Russia may have promised Washington last week that it won’t invade Eastern Ukraine, but the crisis and its ramifications are far from over.
Even as Russian Defense Minister Sergei Shoygu said Russia would leave Ukraine alone, other officials in Moscow hinted that Russian minorities in other countries may also need “rescue.”
With Ukraine having ceded Crimea — not that it really had much choice in the matter — the change in ownership is now a done deal. No amount of sanctions will compel Moscow to give back what it has seized.
The question now is how to ensure Russia doesn’t let its annexation of Crimea embolden it to grab still more territory from its neighbors.
Stopping Russia in its tracks will demand skilled and muscular statesmanship. Moscow is not without leverage over both Europe, which depends on Russia for energy and exports, and America, which needs Russia to help in dealings with Iran, Syria and North Korea.
For Russian President Vladimir Putin, those factors — combined with his rising popularity at home in the wake of his Crimea gambit — appear to give him the upper hand.
But it may be a short-lived gain.
Russia still faces enormous economic problems, and the Crimea crisis and the sanctions imposed so far have driven a 10 percent loss on the Russian stock market, as foreign investors have withdrawn their cash. Moscow has been forced to promise support for two Russian banks blacklisted by the US Treasury.
But that is just the start. To keep Russia from further misadventures, more must be done:
■First, further economic sanctions should be targeted to drive wedges between Russia’s ruling elites and specifically hurt Putin and his allies.
■Second, all Western arms sales to Russia must be canceled or frozen. Germany has cut off a major arms deal with Moscow and France “annulled” military relations with Russia, a dramatic step that underscores the gravity of the current situation.
Europe must ensure it is not complicit in arming a Russian military bent on threatening its neighbors.
Paris put off until October whether to make good on a contract to deliver two large amphibious ships to the Russian Navy. To ease the economic pain of that decision, Western allies should buy arms destined for Russia themselves or find new buyers. France, for example, could keep one of the two ships, and America could buy the other to test the merits of warships that incorporate extensive commercial marine technologies.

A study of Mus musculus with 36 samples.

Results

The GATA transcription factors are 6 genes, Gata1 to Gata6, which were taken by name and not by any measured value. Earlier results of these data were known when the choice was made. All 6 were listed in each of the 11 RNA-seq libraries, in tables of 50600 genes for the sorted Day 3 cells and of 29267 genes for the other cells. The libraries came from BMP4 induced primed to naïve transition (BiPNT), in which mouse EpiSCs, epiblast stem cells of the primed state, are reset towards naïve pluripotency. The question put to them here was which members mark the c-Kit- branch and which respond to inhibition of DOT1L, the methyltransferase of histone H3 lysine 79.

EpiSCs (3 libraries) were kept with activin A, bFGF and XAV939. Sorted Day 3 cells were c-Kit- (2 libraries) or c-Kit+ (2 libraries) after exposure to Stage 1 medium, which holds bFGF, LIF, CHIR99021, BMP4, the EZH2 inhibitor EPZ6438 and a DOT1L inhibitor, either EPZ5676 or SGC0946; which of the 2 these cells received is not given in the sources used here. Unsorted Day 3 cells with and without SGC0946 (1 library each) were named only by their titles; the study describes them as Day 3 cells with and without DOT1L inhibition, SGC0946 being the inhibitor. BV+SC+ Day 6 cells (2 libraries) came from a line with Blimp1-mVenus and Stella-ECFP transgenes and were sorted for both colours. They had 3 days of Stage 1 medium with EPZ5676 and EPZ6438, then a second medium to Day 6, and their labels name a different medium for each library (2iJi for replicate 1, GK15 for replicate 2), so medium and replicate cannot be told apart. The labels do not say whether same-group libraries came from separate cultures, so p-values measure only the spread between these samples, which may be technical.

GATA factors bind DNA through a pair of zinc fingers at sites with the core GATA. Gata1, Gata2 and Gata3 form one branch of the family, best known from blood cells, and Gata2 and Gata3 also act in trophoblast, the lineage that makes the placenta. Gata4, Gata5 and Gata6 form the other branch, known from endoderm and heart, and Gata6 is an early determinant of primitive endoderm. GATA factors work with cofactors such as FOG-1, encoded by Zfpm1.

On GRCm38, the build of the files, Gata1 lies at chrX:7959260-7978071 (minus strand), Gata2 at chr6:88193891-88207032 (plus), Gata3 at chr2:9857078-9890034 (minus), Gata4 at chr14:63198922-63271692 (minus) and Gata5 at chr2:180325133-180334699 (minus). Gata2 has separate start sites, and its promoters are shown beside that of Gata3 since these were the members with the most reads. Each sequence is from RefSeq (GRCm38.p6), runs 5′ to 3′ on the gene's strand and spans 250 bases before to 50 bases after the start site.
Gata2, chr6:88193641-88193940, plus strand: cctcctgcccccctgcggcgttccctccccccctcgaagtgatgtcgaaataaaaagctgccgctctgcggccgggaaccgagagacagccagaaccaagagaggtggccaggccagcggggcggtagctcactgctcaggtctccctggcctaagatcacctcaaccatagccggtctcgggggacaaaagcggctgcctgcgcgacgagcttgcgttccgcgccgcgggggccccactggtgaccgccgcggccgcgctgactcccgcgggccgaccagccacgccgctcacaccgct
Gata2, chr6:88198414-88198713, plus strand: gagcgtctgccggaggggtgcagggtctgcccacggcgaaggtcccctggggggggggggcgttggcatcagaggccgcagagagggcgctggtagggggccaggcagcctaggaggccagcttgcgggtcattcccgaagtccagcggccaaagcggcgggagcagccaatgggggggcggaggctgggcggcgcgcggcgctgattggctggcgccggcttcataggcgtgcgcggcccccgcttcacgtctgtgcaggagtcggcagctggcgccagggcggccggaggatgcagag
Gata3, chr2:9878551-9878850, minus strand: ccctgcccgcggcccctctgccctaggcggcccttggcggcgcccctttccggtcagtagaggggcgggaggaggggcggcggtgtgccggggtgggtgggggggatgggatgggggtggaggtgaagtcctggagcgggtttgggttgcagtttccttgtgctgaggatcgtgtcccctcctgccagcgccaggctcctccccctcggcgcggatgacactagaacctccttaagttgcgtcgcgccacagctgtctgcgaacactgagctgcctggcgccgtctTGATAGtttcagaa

■Third, NATO must deploy more assets to member states that border Russia to dissuade further Russian incursions. Already, the United States, France and other alliance nations have wisely deployed aircraft and personnel to the Baltics as a visible deterrent.
■Fourth, the NATO alliance must forge a long-term strategy to turn the tables on countries that, like Russia, seek to operate outside international norms to expand their territories through intimidation of their neighbors. How alliance members deal with Russia will have ramifications elsewhere.
China is a case in point. While the world has been focused on Crimea, Beijing continues to unilaterally advance its claims in the South China Sea.
NATO Secretary-General Anders Fogh Rasmussen is right: The Ukraine crisis is a game changer. It is a wake-up call for the alliance in general and for Europe, in particular, to invest more in its security and reaffirm its commitment to collective defense.
The NATO summit in September offers an ideal opportunity to renew and reshape the future of the world’s most successful military alliance.